All About Longarm Quilting

May 11, 2020

All About Long Arm Quilting

All of your Longarm Quilting Questions Answered

All About Long Arm Quilting

Quilt maker: Raquel Riche IG @richeraquel

Jenae Alves shares everything you need to know about Long Arm Quilting.  Jenae is a member of the Quilters Candy Membership, and shares even more tips in the membership.  She is a talented quilter and a good friend.

From Jenae

I’m a self taught quilter and started quilting my own quilts on my domestic sewing machine. I fell in love with quilting! I made baby quilts and before I knew it, I was making larger quilts.

It was harder to quilt because of my machine’s size.  When I purchased a midarm quilting machine that helped.  After a while I outgrew that, as well.  I finally purchased my APQS Longarm quilting machine with a throat space of 26 inches. A few years later I started my quilting business, Vintage Stitch by Jenae

Longarm Quilting on an APQS machine

My APQS Lucey Longarm on a 10 foot table. I’m able to quilt up to a queen size quilt.

Why do I need a Longarm quilter?

  • There’s a certain look or design that you want, but you’re unable to do it yourself.
  • Your quilt is too large to quilt on your domestic machine. 
  • You’ve tried quilting your own quilt tops and it’s your least favorite part about making a quilt.

Do I need to provide my own batting?

Most longarm quilters have batting available to purchase.  I offer 2 types of batting, 100% cotton and 80/20 blend of cotton & polyester. These are the most popular among my customers. If you want a type of batting your longarm quilter doesn’t offer, you will need to provide that.

Types of Long Arm Quilting

Edge to Edge Design, or E2E design, refers to a design that is quilted from one edge of your quilt to the other.  It is a repeating pattern.  When it comes to designs, the options are endless. There’s so many to choose from! If you have trouble deciding you can always chat with your longarm quilter for help.  Note: E2E is usually cheaper than the next option. 

Edge to Edge Longarm Quilting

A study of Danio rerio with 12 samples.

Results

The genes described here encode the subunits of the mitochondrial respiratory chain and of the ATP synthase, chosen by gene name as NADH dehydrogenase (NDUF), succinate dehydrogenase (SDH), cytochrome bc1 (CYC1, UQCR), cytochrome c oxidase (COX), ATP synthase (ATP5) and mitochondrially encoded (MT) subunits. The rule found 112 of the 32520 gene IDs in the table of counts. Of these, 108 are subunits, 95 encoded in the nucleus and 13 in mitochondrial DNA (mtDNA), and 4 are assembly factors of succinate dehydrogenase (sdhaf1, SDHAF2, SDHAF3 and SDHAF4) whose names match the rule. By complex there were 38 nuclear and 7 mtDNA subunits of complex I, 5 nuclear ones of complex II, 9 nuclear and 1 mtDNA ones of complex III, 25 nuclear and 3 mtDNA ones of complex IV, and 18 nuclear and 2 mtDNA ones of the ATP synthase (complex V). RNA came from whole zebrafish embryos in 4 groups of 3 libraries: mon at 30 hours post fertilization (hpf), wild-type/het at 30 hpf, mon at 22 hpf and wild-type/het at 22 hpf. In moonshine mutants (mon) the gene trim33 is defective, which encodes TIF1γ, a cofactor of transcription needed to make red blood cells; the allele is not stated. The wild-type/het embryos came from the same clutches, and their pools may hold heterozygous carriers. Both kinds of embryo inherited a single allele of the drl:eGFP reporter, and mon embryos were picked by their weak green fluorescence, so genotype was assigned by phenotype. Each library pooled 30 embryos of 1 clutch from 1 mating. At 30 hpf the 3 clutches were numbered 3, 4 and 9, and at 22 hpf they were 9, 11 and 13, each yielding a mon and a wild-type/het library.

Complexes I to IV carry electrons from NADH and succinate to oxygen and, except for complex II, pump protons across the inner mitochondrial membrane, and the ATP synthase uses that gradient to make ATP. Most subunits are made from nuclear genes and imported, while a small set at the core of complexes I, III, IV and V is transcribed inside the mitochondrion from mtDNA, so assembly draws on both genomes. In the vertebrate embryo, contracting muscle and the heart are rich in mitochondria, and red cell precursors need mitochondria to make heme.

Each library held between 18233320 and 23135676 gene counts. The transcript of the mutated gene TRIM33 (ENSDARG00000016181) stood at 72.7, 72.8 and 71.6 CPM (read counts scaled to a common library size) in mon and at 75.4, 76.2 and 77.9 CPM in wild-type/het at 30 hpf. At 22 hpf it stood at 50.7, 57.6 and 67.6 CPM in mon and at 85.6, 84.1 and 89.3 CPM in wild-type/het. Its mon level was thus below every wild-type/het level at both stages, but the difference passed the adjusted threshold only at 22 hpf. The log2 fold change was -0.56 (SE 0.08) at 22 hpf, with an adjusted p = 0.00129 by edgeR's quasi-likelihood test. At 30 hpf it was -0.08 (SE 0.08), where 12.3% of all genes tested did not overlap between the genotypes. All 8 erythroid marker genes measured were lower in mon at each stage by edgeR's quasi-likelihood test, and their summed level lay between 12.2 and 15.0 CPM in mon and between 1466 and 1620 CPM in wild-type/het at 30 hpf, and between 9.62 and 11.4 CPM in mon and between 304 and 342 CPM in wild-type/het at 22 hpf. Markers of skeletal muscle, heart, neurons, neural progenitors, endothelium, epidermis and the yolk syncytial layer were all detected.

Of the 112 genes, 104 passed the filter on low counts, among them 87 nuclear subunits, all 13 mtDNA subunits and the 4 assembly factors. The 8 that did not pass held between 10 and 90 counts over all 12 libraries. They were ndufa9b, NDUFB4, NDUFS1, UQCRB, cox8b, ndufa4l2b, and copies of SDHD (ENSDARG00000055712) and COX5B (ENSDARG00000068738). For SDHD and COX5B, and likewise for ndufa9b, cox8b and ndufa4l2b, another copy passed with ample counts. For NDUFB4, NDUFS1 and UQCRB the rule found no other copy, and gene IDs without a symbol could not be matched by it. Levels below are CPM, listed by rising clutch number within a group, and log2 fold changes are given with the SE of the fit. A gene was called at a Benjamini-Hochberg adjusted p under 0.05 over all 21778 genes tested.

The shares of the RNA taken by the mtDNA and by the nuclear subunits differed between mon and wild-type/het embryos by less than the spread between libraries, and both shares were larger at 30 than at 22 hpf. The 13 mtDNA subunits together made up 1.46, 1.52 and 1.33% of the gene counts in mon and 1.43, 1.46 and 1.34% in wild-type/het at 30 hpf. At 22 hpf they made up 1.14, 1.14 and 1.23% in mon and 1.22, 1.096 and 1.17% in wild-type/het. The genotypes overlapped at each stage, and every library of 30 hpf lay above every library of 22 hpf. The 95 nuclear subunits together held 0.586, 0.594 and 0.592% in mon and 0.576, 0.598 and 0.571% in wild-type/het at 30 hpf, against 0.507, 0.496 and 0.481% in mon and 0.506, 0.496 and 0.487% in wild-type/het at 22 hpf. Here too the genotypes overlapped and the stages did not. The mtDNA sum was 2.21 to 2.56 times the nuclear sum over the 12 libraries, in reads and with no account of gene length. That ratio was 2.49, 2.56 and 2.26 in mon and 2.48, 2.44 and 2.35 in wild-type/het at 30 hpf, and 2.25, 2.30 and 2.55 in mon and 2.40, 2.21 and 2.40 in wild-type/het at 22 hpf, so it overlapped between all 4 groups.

This is doing E2E Longarm Quilting using a printed pattern and following the pattern line with a stylus

Edge to Edge Longarm Quilting

E2E Longarm Quilting with a computerized quilting system. This is the style of quilting that I offer.

Custom quilting is another style of quilting. This means the quilter free hands the design on your quilt.  It’s more artistic, time consuming, and of course, personalized.

What’s the process for quilting my quilt?
Each longarm quilter is different.

For me, I have a quilt form you can fill out on my website. Once the form is filled out and submitted, you’ll receive the address where to mail your quilt or if you’re local we can schedule a pick up time.

Once I’m ready to quilt your quilt I’ll contact you to choose a thread color and go over any other details. The quilt is loaded on to the canvas leaders that are attached to rollers on the quilting frame. The backing fabric gets loaded first. Then the batting and the quilt top lay on top of the backing fabric. Like this picture:

Finishing a quilt that is Longarm Quilted

Nearing the end of the Longarm Process.

Once quilting is done, I unload the quilt and trim/cut off the extra backing fabric and batting. When it’s finished I will send a PayPal invoice for payment. I’m available during the whole process and I can even send you pictures of your quilt if you’d like! 

Can Longarmers attach quilt binding for me?

Each quilter is different, but I DO offer that service. A lot of quilters love having their binding done for them.

Binding a Longarm Quilted quilt

Adding binding to a longarmed quilt.  Quilt maker: Raquel Riche IG @richeraquel

Tips for sending your quilt to a longarm quilter and some questions to ask:

  • Make sure they offer the style of quilting you want.
  • Ask what their current turnaround time is.
  • Remove all buttons and embellishments from your quilt as they can damage the quilting needle.
  • Don’t pin or baste any of the quilt layers.
  • Your backing fabric needs to be larger than your quilt top, at least 4 inches wider on all sides.
  • Check to see what other requirements they may have


Quilting is my passion and I love helping others finish their quilts. I hope this information has helped you gain a better understanding of longarm quilting and ease some of your worries about sending your quilt to be longarm quilted. Whether you do your own quilting or hire a longarm quilter the important thing is finishing your quilts so you can enjoy them or give them to someone special. As always I’m available to answer any questions you may have. You can reach me on IG
@vintagestitch_by_jenae or visit my website at For $10 off longarm quilting service enter code QUILT10 when you submit your quilting order form! (expires 8/31/20)  

I hope you found this insightful!  Be sure to check out my other guest blog tutorials like this one on Quilt Retreats.  Happy Quilting!